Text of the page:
Police stop hundreds of buses and coaches


NSW police have stopped almost 260 buses and coaches for compliance checks in one week

Police stop hundreds of buses and coaches
Police stop hundreds of buses
May 29, 2013

Buses and coaches were not forgotten during the first week of a police operation
aimed at
enforcing heavy vehicle compliance in New South Wales.

NSW Police and officers from the Roads and Maritime Services intercepted 257 coaches and buses for compliance checks from May 20 to May 26 as part of Operation Austrans, which will run in May and June.

In total, authorities stopped 11,400 heavy vehicles, including B-double trucks and road trains.

Police issued 79 infringements for speeding, 63 for not wearing seatbelts, 20 for using a mobile phone while driving, 164 for defects, and 627 for other offences.

RMS officers took action on 1,370 matters concerning various traffic offences including load restraint, vehicle mass, defects and registration.

But the majority of vehicles pulled over were compliant.

"Whilst the heavy vehicle transport is vital for the economy, it must be done safely for the benefit of all road users," NSW Police Assistant Commissioner John Hartley says.

"Given the significant police presence on NSW roads, enforcement on all other vehicles has included 4,197 traffic related infringement notices, 2,908 for speeding, 180 for restraint offences and 404 charges for a range of other offences."

Operation Austrans
is aimed at
heavy vehicle compliance and involves police and transport departments from Australia and New Zealand.

Meanwhile, in a separate operation, NSW Police Transport Command arrested almost 60 people and laid more than 100 charges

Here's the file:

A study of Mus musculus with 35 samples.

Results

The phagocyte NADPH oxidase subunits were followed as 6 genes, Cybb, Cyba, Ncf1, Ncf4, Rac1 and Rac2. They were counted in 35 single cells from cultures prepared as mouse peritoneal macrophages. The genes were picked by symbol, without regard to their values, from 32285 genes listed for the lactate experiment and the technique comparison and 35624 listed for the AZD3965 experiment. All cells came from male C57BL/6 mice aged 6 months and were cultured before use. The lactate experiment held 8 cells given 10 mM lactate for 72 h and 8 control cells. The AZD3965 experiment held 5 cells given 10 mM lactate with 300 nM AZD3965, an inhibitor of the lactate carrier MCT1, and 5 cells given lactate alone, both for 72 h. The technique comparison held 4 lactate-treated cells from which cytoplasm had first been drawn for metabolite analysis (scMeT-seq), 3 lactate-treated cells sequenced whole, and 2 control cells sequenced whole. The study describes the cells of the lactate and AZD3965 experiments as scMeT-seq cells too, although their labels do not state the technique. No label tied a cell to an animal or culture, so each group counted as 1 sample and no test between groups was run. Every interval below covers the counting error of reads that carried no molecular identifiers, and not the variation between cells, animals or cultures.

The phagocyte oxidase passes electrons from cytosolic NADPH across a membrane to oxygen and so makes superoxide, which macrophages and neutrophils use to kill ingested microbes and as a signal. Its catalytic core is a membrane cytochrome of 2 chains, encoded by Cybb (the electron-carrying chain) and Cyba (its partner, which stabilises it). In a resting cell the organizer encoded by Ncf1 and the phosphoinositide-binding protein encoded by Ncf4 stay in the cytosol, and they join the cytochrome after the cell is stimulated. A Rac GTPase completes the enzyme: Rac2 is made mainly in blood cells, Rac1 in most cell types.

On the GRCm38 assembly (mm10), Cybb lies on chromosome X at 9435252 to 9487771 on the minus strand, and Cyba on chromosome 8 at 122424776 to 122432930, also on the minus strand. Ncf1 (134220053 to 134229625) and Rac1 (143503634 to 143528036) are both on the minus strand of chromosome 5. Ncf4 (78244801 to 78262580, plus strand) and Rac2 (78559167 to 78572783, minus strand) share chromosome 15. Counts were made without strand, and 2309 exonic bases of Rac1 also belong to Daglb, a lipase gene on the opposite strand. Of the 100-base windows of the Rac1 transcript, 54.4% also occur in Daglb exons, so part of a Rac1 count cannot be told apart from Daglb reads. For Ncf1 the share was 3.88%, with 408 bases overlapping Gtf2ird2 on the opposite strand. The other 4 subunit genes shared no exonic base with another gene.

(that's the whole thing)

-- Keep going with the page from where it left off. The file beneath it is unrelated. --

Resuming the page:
on the state’s public transport network.

During Operation Javelin III, which
began April 15 and finished May 23, 102 charges were made against people for offences including drug possession, assault-resist-hinder police, goods in custody (GIC), assault, and possession of an illegal weapon.

Police also handed out 2,539 infringement notices issued for offences, including fare evasion.

According to police, the operation was a high visibility policing operation designed to minimise crime and anti-social behaviour, and increase passenger safety on the public transport network.

Police were deployed on foot, bikes and in plain clothes around major transport interchanges such as trains, buses, ferries and taxis.

Police Transport Command Commander, Assistant Commissioner Max Mitchell says police will continue to focus on public transport.

"The Police Transport Command will continue to focus its attention on catching and charging those who choose to break the law on the state’s public transport systems," Mitchell says.